While Randy Moss won't be "The Freak" that tormented defenses in the 2000s, he'll still be productive for the San Francisco 49ers and a great option for fantasy teams in 2012.
After a one-year hiatus from the game, Moss is eager to end his legacy on a positive note. His surprising retirement after the 2010 season shocked many people because just the season prior Moss had Pro Bowl-type numbers.
According to ESPN's Fantasy Football projections:
Do we think Moss will completely flame out? We give that scenario a decent chance, but anyone who's observed the Randy Ratio in the past knows he tends to perform best when people are at the end of their rope with him.
Moss is a late-round lottery ticket only.
In the past, fans have seen Moss flourish when he was in a situation that he liked, and the added contract incentives should push him even more. He also won't be going against many elite passing defenses, so there aren't a lot of chances to bottle him up in 2012.
With all that taken into account, Moss should still be one of the most dangerous receivers in the NFL, even at 35 years old.
When Moss played for the Oakland Raiders in 2006, his career seemed all but over.
The portrait of Moss chilling on the bench in the shutout game against Seattle Seahawks will be embedded in the minds of fans for many years to come. However, it's not the only lasting image left in his career.
When he's not interested, the man is a bum. Although, that won't be the case in San Francisco, since he's happy for the opportunity to compete with a Super Bowl-caliber team.
Even though he's pushing 35, the fact remains he's still Randy Moss. The man can still burn defenders with ease.
According to SI.com's Peter King, Moss has been getting the better of Pro Bowl cornerback Carlos Rogers in practice.
"'Defensive coordinators will be dumb if they treat him like the Moss of Tennessee a couple years ago,' Rogers told me. He's got a lot left."
Whenever Moss has stepped foot on a field, greatness has been expected from him. While he won't deliver like he has in the past, Moss is still more than capable of hauling in at least 800 yards receiving.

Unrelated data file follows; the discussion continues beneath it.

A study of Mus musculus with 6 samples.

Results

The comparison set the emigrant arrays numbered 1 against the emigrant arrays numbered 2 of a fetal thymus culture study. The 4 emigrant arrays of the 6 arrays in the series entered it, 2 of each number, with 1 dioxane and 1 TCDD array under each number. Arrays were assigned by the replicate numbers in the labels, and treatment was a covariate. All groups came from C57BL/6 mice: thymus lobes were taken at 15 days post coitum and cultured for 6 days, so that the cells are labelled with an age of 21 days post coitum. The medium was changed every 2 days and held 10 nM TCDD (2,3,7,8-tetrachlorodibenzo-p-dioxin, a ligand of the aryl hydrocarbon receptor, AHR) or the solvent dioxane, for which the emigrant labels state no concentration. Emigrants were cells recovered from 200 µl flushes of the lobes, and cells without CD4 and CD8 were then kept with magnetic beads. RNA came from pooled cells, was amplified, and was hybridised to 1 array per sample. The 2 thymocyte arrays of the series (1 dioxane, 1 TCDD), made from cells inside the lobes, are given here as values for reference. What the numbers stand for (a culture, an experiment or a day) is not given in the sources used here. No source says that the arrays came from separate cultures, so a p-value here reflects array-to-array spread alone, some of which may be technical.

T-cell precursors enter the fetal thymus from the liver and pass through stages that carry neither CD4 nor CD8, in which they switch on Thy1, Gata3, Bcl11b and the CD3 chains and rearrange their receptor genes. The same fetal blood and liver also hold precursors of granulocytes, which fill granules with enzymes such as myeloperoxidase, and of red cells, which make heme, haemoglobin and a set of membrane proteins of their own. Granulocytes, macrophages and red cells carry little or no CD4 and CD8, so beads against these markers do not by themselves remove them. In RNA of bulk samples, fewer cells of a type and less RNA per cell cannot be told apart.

During the offseason Moss inked a one-year, $2.5 million contract which seemed like a bargain for a player like Moss.
However, his contract does come with incentives based on his performance in 2012.
According to Matt Maiocco of CSN Bay Area:
Moss will earn $46,875 for every game he is active on the 49ers' 46-man roster— a possible $750,000, if he plays in all 16 games. Moss can make another $1.5 million in incentives based on playing time, receptions and being named to the Pro Bowl team.
Since Mario Manningham has similar incentives on his two-year, $7.5 million contract, Moss should be fueled to out-perform opposing teams and teammates.
This is Moss' last chance for a shot at a Super Bowl title.
A championship ring has eluded Moss for many years. Ever since his heartbreak in the 1998 NFC Championship game, Moss has battled for a chance to reach the Super Bowl. While he almost accomplished this feat with the record-breaking Patriots in 2007, he failed then, too.
Moss doesn't want to be remembered as a quitter who retired after playing for three teams in 2010. He wants to go down as one of the best to ever play the game, which is why winning a ring now is so important to him.
His drive alone should propel him to a solid season in 2012.